So! You have no credit problems: you have a good income: no debts and you are looking to buy a property or maybe remortgage. But then, your bank, with whom you’ve been a loyal customer to for many years, reports back that you have a low credit score and the computer says “no”. They will not offer you a mortgage. This is a dramatically increasing scenario. The world of credit scoring (tick box mentality) is in our day to day finances and there’s no arguing with the lender once their technology has made the decisions.
Fear not! There are a number of options still available to you which include lenders who will assess an application manually and seek to offer assistance to such customers. It does not just include those turned away by the high street for low credit scores. It could be a case scenario that needs a bit of lateral ‘out of the box’ thinking by an underwriter keen to say ‘yes’. This could include cross collateral security for clients who are asset rich: a sympathetic view for those who have trouble in proving ‘real’ income: customers who need guarantors: those in later life, or maybe just need someone to sit down, review the whole picture and advise on the best route to take.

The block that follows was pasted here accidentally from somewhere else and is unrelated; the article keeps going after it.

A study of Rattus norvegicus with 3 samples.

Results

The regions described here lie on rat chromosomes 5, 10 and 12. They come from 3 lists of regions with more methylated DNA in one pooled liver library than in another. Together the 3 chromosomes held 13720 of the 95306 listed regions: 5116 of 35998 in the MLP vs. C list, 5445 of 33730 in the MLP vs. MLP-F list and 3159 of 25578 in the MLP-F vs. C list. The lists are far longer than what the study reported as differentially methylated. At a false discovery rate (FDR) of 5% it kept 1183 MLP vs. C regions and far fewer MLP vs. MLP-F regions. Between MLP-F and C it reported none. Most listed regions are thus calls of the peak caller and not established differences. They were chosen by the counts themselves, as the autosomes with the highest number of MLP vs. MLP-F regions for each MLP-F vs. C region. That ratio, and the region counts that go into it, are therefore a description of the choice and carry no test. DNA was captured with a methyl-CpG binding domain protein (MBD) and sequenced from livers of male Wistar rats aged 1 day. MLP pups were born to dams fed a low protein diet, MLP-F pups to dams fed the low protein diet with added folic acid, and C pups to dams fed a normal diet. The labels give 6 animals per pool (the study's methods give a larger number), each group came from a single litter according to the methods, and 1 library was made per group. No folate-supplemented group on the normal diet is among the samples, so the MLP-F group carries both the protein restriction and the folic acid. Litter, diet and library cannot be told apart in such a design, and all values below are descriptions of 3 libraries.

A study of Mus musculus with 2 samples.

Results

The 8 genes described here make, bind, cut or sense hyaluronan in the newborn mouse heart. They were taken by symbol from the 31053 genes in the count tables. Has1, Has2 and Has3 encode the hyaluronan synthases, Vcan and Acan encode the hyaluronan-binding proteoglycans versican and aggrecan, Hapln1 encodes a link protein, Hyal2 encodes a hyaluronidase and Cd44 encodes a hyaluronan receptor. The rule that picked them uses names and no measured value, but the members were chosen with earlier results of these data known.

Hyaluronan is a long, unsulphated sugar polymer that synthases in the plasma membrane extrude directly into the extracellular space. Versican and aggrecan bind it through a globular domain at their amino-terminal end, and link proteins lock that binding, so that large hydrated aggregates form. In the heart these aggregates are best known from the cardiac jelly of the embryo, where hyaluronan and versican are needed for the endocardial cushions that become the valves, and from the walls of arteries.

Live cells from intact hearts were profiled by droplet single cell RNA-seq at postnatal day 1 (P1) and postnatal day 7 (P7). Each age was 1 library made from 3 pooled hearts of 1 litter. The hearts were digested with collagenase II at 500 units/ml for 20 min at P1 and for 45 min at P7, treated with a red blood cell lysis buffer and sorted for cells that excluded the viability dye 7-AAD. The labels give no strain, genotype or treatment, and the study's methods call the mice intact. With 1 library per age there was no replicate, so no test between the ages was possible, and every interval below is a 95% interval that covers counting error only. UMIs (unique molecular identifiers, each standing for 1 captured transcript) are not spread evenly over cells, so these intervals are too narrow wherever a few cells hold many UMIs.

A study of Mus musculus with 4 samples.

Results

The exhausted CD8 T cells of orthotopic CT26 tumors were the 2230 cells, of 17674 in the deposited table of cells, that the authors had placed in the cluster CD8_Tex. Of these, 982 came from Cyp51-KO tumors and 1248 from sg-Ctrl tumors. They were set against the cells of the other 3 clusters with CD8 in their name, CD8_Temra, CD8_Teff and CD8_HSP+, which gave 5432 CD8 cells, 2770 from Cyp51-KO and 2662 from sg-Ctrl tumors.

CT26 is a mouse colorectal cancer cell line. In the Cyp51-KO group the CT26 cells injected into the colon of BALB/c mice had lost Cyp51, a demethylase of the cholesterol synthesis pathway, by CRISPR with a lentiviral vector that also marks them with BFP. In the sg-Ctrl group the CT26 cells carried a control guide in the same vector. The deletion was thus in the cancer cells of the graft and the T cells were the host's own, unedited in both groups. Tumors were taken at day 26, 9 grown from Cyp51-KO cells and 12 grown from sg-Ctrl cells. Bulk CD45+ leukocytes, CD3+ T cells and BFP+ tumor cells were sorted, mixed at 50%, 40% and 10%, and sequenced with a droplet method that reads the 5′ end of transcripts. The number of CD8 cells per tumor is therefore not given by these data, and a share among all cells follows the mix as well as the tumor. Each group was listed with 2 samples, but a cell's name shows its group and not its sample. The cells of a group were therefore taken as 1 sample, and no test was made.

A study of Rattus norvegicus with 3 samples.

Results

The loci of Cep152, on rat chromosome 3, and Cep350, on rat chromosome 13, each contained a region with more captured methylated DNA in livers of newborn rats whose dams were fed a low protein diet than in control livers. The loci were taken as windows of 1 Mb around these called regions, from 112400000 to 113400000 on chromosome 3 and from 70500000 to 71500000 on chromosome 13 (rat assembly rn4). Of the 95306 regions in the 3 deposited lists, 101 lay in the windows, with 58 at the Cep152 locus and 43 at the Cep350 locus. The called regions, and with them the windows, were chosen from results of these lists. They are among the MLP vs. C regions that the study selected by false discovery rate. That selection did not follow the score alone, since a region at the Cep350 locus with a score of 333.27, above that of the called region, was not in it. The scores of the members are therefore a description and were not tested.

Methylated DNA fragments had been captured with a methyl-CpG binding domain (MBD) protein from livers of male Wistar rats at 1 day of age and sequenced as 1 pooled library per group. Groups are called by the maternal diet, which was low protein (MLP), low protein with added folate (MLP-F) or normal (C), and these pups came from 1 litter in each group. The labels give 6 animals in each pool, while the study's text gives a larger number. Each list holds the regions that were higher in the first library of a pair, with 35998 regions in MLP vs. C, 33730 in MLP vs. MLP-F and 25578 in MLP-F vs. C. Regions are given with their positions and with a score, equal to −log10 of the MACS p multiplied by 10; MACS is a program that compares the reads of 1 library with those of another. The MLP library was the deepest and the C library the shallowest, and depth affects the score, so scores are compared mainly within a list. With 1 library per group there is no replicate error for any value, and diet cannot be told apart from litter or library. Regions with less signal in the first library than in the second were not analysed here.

As with everything you purchase, it’s always worth shopping around as although you might think you have a great deal with your current provider, there may be better products out there that you are missing out on. And make sure you do move! Why would you stay on the lenders variable rate, after the promotional rate had ended, if there was a more cost effective rate available with another lender saving you money? Always think of number one.
Banks may only advise on their own product ranges. Estate Agents ‘in-house’ mortgage advisers may only be able to offer mortgages from a select panel of lenders. Therefore, in order to get best advice, make sure you do your homework, speak to a whole of market mortgage broker who can advise on the most appropriate mortgage in the market to meet your requirements.
And yes, there may be a small fee for this research and advice. Prices vary from company to company and you can decide exactly who to deal with. As with everything, before committing, make sure you read the terms, conditions and small print!